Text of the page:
This past summer, via my role as project owner for the Subclipse project, I decided to participate as a mentor in the Google Summer of Code program. Summer of Code is a great way to bring some visibility to your project as well as build relationships with other open source developers. One of the first things you have to do when participating in Summer of Code as a mentor organization is to come up with some ideas for projects that students can work on for the summer. It needs to be something interesting enough to attract talented students and at the same time it ought to be something where a measurable amount of work can be accomplished in just one summer. I came up with a number of ideas, but the one I knew someone would go after, and the one I hoped would get done, was to add a revision graph feature.
One of the top requests I hear from new Subversion users is the desire for a good revision graph feature. Unfortunately the way that Subversion stores information in its repository is not conducive to providing a feature like this. Specifically, Subversion does not currently track “copy-to” information. It can tell you the history of a given item and trace that history back through all of the places it was “copied-from”, but for any given path/revision pair it cannot tell you if it has been copied to another location. This is an essential feature to create a proper revision graph, so in order to draw a decent graph, you pretty much need to have the entire history of the repository available so that you can construct the “copy-to” information yourself. Performance would be terrible if you had to get this history every time, so a good local cache of the information is essential. This is a fairly challenging engineering task and therefore was one that the existing Subclipse team was unlikely to ever find the time to do. At the same time, it was a great task for a motivated student. Combined with the ability to visualize the information in cool ways via the rich graphical library that Eclipse provides, I knew we would attract some interest.
We were fortunate enough to attract a great student, Alberto Gimeno. He dove right into the task when the Summer of Code program started and did a great job delivering the feature. I was hoping we would come out of this with some interesting code that someone else might want to pick up and finish, but Alberto was able to drive this feature to a point that it was nearly ready to ship when the summer ended. We have just spent a few months adding some Eclipse-polish to it and integrating it into Subclipse. Today we release it, and this is what a simple graph looks like:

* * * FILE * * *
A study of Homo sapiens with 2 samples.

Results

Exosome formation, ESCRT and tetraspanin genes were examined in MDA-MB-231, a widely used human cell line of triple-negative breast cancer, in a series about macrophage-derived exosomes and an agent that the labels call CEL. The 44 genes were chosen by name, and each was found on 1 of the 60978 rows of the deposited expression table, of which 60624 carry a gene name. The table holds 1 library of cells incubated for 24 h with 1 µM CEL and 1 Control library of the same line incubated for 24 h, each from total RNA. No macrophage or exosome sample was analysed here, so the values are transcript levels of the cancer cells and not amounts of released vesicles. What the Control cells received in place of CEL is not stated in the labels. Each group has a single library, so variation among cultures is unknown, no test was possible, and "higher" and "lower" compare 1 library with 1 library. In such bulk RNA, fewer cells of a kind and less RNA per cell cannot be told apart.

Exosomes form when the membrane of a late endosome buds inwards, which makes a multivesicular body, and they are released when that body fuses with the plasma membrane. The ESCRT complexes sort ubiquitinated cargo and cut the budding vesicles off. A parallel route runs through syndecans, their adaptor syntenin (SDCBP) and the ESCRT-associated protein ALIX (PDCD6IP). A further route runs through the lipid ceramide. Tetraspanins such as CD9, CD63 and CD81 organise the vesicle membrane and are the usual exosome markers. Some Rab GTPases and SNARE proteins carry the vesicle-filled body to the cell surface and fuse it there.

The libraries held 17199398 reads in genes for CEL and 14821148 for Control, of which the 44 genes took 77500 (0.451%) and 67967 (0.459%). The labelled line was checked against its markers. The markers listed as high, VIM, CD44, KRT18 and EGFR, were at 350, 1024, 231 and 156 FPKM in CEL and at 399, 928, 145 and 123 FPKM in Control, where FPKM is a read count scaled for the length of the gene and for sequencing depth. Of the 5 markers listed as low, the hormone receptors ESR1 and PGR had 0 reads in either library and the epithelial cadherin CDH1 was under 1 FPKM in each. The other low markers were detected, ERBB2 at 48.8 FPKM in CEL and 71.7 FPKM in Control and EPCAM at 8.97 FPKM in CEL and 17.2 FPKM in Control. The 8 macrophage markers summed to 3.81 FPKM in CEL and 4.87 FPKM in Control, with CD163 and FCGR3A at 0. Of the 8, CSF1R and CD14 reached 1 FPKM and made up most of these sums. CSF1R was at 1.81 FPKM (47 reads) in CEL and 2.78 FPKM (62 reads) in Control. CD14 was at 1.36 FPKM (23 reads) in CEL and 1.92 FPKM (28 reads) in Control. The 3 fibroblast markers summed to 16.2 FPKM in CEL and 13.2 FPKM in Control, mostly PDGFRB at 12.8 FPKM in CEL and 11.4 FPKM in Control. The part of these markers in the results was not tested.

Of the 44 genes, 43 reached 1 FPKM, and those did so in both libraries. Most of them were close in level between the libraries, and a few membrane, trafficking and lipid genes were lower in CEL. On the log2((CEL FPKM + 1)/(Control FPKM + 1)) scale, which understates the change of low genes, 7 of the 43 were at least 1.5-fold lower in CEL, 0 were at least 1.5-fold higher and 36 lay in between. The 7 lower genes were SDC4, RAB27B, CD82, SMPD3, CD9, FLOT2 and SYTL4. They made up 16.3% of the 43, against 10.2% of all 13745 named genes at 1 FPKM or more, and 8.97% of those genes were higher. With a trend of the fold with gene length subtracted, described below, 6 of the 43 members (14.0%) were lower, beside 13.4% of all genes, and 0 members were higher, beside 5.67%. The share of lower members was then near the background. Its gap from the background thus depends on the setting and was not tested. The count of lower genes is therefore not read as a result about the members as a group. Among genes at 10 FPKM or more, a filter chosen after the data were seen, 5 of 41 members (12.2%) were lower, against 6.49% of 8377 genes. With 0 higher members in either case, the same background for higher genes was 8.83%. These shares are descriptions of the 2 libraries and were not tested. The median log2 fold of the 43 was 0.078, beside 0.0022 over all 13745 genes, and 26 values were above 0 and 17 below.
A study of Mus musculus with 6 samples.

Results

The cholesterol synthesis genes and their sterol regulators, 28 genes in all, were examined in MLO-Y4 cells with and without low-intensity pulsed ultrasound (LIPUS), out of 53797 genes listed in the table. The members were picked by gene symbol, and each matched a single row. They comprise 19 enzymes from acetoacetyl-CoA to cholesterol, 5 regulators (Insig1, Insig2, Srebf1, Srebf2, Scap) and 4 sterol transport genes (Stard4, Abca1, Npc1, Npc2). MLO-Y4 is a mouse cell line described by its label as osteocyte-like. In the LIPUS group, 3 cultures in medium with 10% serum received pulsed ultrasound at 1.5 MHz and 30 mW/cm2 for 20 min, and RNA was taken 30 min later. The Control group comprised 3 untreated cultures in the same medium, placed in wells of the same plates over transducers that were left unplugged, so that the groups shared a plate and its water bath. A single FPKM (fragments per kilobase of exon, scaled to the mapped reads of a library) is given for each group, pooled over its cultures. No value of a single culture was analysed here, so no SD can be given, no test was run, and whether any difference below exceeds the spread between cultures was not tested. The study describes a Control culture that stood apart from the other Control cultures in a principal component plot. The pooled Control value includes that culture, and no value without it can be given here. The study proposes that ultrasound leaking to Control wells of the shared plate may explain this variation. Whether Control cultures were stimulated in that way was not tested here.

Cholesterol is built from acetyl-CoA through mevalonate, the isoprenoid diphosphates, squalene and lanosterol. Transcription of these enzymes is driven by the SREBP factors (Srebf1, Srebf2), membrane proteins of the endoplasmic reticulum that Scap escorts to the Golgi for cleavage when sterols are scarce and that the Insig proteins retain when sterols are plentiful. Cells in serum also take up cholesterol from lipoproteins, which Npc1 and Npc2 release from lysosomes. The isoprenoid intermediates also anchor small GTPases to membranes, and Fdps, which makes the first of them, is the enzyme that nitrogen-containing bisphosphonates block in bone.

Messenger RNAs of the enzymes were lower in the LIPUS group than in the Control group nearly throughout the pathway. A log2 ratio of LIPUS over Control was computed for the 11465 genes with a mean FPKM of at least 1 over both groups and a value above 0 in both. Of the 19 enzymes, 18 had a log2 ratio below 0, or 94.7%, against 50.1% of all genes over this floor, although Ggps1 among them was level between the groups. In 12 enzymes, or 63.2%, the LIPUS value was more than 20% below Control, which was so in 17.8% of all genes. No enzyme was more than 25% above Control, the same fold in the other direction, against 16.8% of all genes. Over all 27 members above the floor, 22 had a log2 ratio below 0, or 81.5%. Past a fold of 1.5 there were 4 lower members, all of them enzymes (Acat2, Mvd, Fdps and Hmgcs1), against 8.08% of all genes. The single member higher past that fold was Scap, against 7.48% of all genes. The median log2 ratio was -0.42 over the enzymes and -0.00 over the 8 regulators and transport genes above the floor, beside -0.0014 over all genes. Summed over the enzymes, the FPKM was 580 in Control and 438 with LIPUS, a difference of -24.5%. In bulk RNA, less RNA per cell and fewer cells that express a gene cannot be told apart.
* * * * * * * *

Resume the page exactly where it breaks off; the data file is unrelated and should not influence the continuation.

Notice that the graph is capable of showing merge information when used with Subversion 1.5. It also contains a number of nice features made available via the Eclipse Graphical Editing Framework. Namely, the ability to zoom in/out, export to an image file as well as the ability to navigate a large graph via the Outline view.
This feature will be included in an upcoming release of the CollabNet Desktop – Eclipse Edition. You can get it today via the “dev-builds” update site for the CollabNet Desktop. Download information for the CollabNet Desktop can be found at the project home here.
Additional details on the revision graph feature can be found at the Subclipse site.
I would like to close by once again thanking Alberto for the work he did on this feature. I look forward to his continued involvement in this feature and the Subclipse project. I would also thank Google for running Summer of Code and including Subclipse in the program for 2008.